School of Law alumnus contributes to Arkansas history book
Posted on August 29, 2013
School of Law alumnus and current 8th U.S. Circuit Court of Appeals Justice Morris S. Arnold has contributed to the latest edition of Arkansas: A Narrative History. Two of the book’s other authors — George Sabo, University of Arkansas professor and director of the Arkansas Archaeological Survey, and U of A history professor Jeannie Whayne — recently presented a copy of the latest edition of the textbook Arkansas: A Narrative History to Chancellor G. David Gearhart and will be signing copies in Little Rock near the end of September.
The book is a comprehensive state history that has been invaluable to students and the general public since its original publication over 10 years ago. The original edition won the Arkansiana Award when it was published in 2002, and the book is widely used in colleges throughout the state.
The new edition has been updated and expanded with three additional chapters, including a new chapter on Arkansas geography. It also covers fresh material on the civil rights movement in the state and the struggle over integration, a new analysis of Arkansas’ school-funding issues and an examination of the Natural State’s transition from colonialism to its entry into the global political economy. Maps are also dramatically enhanced.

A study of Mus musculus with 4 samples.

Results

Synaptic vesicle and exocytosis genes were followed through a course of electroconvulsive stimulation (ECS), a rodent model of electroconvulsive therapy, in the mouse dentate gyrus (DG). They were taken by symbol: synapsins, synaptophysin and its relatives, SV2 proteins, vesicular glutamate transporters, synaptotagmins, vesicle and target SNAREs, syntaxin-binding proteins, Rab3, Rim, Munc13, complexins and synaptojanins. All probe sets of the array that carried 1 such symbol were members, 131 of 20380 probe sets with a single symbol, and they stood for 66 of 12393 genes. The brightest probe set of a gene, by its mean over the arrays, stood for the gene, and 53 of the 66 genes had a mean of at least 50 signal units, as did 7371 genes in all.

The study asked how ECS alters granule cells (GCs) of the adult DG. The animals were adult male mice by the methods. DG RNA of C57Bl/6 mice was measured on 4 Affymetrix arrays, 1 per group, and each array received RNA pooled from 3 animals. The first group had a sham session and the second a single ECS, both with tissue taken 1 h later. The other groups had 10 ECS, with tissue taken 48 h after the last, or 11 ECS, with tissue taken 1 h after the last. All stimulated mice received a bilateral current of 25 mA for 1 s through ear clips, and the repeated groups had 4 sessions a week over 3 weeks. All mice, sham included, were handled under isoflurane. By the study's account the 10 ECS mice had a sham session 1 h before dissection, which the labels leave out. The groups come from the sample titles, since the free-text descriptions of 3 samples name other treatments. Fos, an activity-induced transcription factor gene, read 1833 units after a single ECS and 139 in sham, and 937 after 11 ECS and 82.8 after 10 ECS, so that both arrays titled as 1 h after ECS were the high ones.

Sabo is a professor of anthropology and environmental dynamics. Whayne is a professor in the history department. The two other authors of the book also have University of Arkansas connections: Thomas A. DeBlack received his doctoral degree in 1995 under the direction of the late Willard B. Gatewood, distinguished professor of history. Morris S. Arnold received his bachelor’s degree in electrical engineering (1965) and his bachelor of laws degree (1968) from the U of A.
Retained from the original edition are Sabo’s exploration of Native American prehistory and the cataclysmic shocks of climate change and European arrival. He discusses how surviving native groups maintained traditional economic and social institutions, which in turn proved crucial to early colonists.
Arnold details how colonists and Indians withstood international conflict through intermarriage, diplomacy, political alliances and trade. Whayne demonstrates that these multicultural relationships also characterized early American settlement but that the balance of power shifted dramatically when white settlers brought in plantation agriculture and slavery.
Arnold also wrote wrote Rumble of a Distant Drum: The Quapaws and the Old World Newcomers, 1673–1804, winner of the John G. Ragsdale Award and the Booker Worthen Literary Prize.
The University of Arkansas Press published both editions of the award-winning textbook.